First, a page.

The mood on cryptocurrencies at the G20 meeting in Argentina in recent days was decidedly hopeful. Among the world leaders, Bruno Le Maire, France's finance minister, helped to set the tone, saying ahead of the summit in an interview with Numerama that he wants the country to be…
The mood on cryptocurrencies at the G20 meeting in Argentina in recent days was decidedly hopeful. Among the world leaders, Bruno Le Maire, France’s finance minister, helped to set the tone, saying ahead of the summit in an interview with Numerama that he wants the country to be out front on cryptocurrencies.
France already has a leadership position in the world on fintech, more specifically crowdfunding and the blockchain, said Le Maire, asking “so why stop there?”
He doesn’t intend for France to miss what he’s dubbed “the blockchain revolution” –
The French finance minister’s message is a 180 reversal from his previous take on the cryptocurrency market, in which he and his peers had penned a letter to the Argentinian finance minister outlining their concerns about the market. Chief among their concerns was the potential of cryptocurrencies posing a risk both to the global economy and novice investors.
Those fears must have been alleviated by the Bank of England Governor Mark Carney’s revelatory comments that cryptocurrencies don’t pose a systemic risk to the global economy.
Le Maire pointed to a blockchain revolution in which “bitcoin was only a precursor,” suggesting more innovation will be developed in the country.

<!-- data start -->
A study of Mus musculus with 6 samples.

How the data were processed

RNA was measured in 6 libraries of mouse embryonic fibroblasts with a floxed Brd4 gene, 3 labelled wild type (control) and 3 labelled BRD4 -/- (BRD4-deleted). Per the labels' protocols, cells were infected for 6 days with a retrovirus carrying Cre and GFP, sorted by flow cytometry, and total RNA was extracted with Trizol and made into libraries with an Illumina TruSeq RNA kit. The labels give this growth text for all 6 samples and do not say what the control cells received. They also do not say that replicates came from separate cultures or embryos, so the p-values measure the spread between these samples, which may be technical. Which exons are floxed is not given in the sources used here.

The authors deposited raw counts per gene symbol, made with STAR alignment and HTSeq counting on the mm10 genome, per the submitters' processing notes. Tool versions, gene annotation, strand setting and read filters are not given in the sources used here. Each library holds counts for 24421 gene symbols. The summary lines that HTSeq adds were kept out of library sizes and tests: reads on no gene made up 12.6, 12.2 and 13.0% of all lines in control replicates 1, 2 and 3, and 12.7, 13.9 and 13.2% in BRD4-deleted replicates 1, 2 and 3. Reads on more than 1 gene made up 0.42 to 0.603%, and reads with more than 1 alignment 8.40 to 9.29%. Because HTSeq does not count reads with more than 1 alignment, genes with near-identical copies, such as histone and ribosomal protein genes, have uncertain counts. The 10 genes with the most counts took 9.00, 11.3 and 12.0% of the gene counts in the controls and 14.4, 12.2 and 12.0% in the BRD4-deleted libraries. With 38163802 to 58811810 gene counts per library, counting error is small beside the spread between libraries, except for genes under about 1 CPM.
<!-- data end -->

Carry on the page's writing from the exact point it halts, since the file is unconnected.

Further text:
Le Maire also seemed to give the thumbs up to initial coin offerings (ICOs), suggesting that startups would use this fundraising method by issuing tokens in cryptocurrencies “or not.” He has tasked former Bank of France Deputy Governor Jean-Pierre Landau with developing “an effective legal framework.”
Le Maire was quick to point out that the blockchain revolution has the potential to disrupt the banking (including investment funds) and insurance industries as we know them. He warned: “Anticipate them. Let’s not be mere spectators: become actors in this revolution.”
While striking a completely different tone with his remarks compared to the letter, Le Maire fell short of putting forth a reckless abandon, adding a cautious tone and spelling out some of the risks that come along with this budding market, not the least of which is volatility in the bitcoin price. He pointed to recent performance in BTC, whose value has been slashed in half since December 2017.
In keeping with the country’s focus on fintech innovation, Le Maire suggested a Visa program for ICO companies that meet certain criteria.
“France has every interest in becoming the first major financial center to propose an ad hoc legislative framework that will allow companies initiating an ICO to demonstrate their seriousness to potential investors.”
He ended his comments with a call to his G20 colleagues to share in the responsibility of security to foster innovation, as development cannot occur in a “regulatory vacuum.” As for France, they “will not miss the blockchain revolution.” Vive la France!
Featured image from Flickr/EU2017EE Estonian Presidency.